The Fiddlershop chart differs from the Shar chart. Notably, it places Tonica as being warmer than Dominant, whereas the Shar chart shows the opposite. There is also substantial divergence in all the Vision strings, as well as Evah Pirazzi Gold, Zyex, and several other brands.
There is also some divergence of both charts from the one at Violin String Review.
Most likely this reflects testing by different people on different instruments.
It didn't occur to me until a week ago that I could do the usual thing of downloading and uploading just the picture. This is probably acceptable practice. This is a competitor's chart, so you can get a slightly wider/different viewpoint: -
And here's fiddlershop's link again for easier comparison than going back to the OP: - https://fiddlershop.com/pages/.....comparison
But Fiddlershop's link is interactive, so I don't know how to post a picture here.
I won't object to the Shar advertisement in this case since most people know about Shar anyway. But moving forward, if it has advertisement on it, I prefer not for you to post it. Thanks for keeping it in mind as I know that you reached out.
I have now edited the picture to remove their name and the prices. I apologise for not thinking about this in the first place.
Some of it is subjective (I imagine, but if you want to debate it, fine), so there shouldn't be harm in two charts that have minor differences. It's interesting that Fiddlershop think that Tonicas are warmer than Dominants, whereas Shar thinks it's the other way round. Someone somewere recently said he thinks Dominants are too harsh, and my new ones are taking a long time to settle, so I may try some Tonicas next to see if they do find their warmth quicker.
Yes to all your questions, John.
If you look closely at what's on offer, all the warm strings seem to be gut, which I intend to avoid as long as possible.
My teacher's first recommendation was "something middle of the road, like Dominants or Tonicas." But the three violins I have bought have all been supplied with those two strings.
I went to the Shar list (2 1/2 years ago, before Fiddlerman's list existed) and eliminated things by price and material and whatever and ended up with a shortlist of Dominants and Tonicas.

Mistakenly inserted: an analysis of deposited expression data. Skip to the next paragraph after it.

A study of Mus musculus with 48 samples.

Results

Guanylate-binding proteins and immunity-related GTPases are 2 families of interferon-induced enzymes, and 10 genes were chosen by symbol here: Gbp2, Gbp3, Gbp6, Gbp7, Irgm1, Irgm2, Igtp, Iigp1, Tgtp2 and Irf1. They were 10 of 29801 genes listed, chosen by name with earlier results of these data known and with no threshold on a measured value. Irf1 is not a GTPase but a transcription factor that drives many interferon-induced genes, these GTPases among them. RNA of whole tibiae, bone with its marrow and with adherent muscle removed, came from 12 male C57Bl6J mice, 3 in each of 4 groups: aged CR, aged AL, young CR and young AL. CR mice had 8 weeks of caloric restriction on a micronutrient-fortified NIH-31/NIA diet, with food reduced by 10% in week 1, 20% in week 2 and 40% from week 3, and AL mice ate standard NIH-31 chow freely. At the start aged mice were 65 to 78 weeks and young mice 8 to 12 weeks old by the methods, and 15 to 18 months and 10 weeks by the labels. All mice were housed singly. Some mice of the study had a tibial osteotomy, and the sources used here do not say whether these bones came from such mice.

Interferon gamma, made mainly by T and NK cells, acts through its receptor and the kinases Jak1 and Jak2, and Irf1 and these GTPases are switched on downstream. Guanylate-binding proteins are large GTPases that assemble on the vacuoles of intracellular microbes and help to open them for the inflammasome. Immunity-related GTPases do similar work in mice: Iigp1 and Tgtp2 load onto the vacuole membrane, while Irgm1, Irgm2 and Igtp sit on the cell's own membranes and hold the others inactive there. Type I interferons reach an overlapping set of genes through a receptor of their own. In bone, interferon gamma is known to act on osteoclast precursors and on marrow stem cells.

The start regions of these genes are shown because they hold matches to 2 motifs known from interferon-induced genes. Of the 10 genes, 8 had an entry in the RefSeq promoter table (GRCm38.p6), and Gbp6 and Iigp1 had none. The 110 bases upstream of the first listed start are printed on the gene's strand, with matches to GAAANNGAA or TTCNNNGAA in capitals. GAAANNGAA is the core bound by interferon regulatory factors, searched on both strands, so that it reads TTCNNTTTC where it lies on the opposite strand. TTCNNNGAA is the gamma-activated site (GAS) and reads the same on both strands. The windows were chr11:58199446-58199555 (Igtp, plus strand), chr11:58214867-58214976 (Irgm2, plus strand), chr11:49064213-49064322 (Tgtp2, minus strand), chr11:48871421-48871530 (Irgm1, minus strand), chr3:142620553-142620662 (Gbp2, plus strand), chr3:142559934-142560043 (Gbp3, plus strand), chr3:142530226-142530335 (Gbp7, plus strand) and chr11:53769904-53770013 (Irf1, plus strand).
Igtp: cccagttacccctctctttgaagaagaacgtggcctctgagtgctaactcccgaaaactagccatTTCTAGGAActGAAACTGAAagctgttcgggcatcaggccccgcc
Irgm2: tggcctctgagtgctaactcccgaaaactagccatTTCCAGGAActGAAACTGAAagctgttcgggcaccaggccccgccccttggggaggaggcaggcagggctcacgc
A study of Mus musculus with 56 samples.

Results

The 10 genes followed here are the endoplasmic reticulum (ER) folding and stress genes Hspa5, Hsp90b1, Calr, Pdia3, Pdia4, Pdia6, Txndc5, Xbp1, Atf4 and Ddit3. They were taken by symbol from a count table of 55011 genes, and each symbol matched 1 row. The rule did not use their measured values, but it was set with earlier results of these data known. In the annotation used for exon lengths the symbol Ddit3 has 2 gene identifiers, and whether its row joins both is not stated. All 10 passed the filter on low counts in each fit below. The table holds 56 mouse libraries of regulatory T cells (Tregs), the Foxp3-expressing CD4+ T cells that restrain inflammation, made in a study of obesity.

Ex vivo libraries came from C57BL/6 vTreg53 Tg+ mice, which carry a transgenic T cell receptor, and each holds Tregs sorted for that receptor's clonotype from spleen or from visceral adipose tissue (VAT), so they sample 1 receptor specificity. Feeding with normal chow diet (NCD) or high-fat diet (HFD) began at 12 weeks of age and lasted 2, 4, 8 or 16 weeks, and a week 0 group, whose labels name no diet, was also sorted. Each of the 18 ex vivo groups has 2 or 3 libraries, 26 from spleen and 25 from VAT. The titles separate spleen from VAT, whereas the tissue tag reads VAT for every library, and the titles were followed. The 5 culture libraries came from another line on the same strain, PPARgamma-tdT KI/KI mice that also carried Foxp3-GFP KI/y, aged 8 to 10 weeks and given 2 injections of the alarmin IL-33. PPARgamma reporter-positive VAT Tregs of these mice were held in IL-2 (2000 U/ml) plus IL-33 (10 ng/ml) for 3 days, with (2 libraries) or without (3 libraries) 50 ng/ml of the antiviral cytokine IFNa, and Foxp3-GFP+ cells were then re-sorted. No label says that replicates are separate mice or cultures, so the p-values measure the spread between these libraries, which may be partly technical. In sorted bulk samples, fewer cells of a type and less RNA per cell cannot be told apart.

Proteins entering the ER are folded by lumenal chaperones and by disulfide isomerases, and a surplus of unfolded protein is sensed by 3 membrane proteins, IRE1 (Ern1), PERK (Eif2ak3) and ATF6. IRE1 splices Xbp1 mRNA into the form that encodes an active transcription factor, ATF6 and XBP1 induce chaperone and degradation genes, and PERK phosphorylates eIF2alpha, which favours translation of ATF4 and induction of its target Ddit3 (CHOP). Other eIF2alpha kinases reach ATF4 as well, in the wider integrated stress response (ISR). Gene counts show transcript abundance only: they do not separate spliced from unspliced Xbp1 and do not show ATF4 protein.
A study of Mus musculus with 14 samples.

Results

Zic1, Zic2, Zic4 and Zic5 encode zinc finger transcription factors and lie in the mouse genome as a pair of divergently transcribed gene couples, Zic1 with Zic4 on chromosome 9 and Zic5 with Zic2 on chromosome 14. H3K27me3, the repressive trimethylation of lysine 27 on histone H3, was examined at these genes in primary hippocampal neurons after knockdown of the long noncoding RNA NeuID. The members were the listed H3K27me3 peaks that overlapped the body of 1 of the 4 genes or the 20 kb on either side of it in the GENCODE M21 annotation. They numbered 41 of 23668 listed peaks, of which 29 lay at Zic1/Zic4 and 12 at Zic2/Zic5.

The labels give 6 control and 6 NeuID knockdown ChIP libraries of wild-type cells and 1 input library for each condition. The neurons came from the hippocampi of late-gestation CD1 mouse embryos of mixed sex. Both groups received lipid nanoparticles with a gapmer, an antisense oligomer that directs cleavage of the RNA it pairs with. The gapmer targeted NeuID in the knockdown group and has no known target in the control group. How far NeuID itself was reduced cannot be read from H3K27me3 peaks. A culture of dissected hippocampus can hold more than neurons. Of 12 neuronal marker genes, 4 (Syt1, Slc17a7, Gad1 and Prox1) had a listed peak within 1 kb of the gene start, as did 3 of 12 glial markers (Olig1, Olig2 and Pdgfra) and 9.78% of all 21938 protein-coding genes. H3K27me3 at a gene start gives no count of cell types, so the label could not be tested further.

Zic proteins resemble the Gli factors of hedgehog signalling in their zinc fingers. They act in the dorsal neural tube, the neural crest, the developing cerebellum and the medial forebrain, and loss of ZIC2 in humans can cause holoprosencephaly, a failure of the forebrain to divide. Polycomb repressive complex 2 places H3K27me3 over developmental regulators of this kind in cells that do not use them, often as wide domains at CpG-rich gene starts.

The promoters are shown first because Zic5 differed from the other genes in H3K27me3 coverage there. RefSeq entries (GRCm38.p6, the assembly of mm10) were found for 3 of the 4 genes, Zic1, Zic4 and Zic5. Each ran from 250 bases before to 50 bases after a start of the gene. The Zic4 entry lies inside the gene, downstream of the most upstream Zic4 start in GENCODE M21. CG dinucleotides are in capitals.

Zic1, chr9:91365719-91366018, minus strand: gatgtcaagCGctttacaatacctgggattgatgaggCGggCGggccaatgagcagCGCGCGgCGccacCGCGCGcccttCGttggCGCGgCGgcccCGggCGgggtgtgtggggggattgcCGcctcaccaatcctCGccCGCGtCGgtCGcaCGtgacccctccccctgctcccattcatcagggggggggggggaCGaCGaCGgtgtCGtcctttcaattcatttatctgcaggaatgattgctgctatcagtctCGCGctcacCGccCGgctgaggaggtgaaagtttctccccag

To any noob on this forum bewildered by those charts, I'd say, get Tonicas or Fiddlershop's equivalent (I hear they are exceptional value) and forget the rest for a few years.
You have only been playing for 2 months, is that right?
Each string needs different technique, but it's unconscious, so don't fret about it.
Each string has a different character and response.
My recollection is that each string "comes in" for the beginner at a different rate. In other words, if my experience is typical, first you will get good tone from the G string, then perhaps the E string - I don't recall having any difficulties with mine, so perhaps it preceded the G string (probably the main reason for the E string making your ears bleed is intonation). Next the D string starts sounding nice - work on it on its own - play E, F, F# and G slow and loudish, varying bow pressure and speed and listening for changes. Finally you will get the A string to sound nice.
Possibly you won't notice the full effect until you are using vibrato. I can't remember.
The main thing to take away is, play each string for itself initially, rather than playing the whole instrument. That's starting to sound philosophical, lol!
I think too bright is harsh and too warm/slow to respond can be muddy (I'm still trying to figure out the best C String in my case).
Sorry, don't think intonation has anything to do with a harsh sounding E string. Pretty sure anyone can easily tell the difference - because when you make a string comparison (1st hand), you play the same way on both strings.
You are playing in tune, so trust your ears!
Seems like some of our instruments have one string in particular that needs special attention. So, if you like the sound of your other strings, the chart will help you find a warmer D string to try - if that's all you need.
One thing to keep in mind, some brands offer 2 different D Strings - each a different material, so will act different - check your brand, might be the only change you need (if you want to keep to a set).
Many of us mix brands on our instruments.
Sorry, don't think intonation has anything to do with a harsh sounding E string.
I was trying to say that mostly if an E string offends, I think it's because of poor intonation (combined with its conspicuously high pitch) rather than its harshness/warmness. Or, E-string harshness pales into insignificance compared with poor E-string intonation. I haven't heard John play.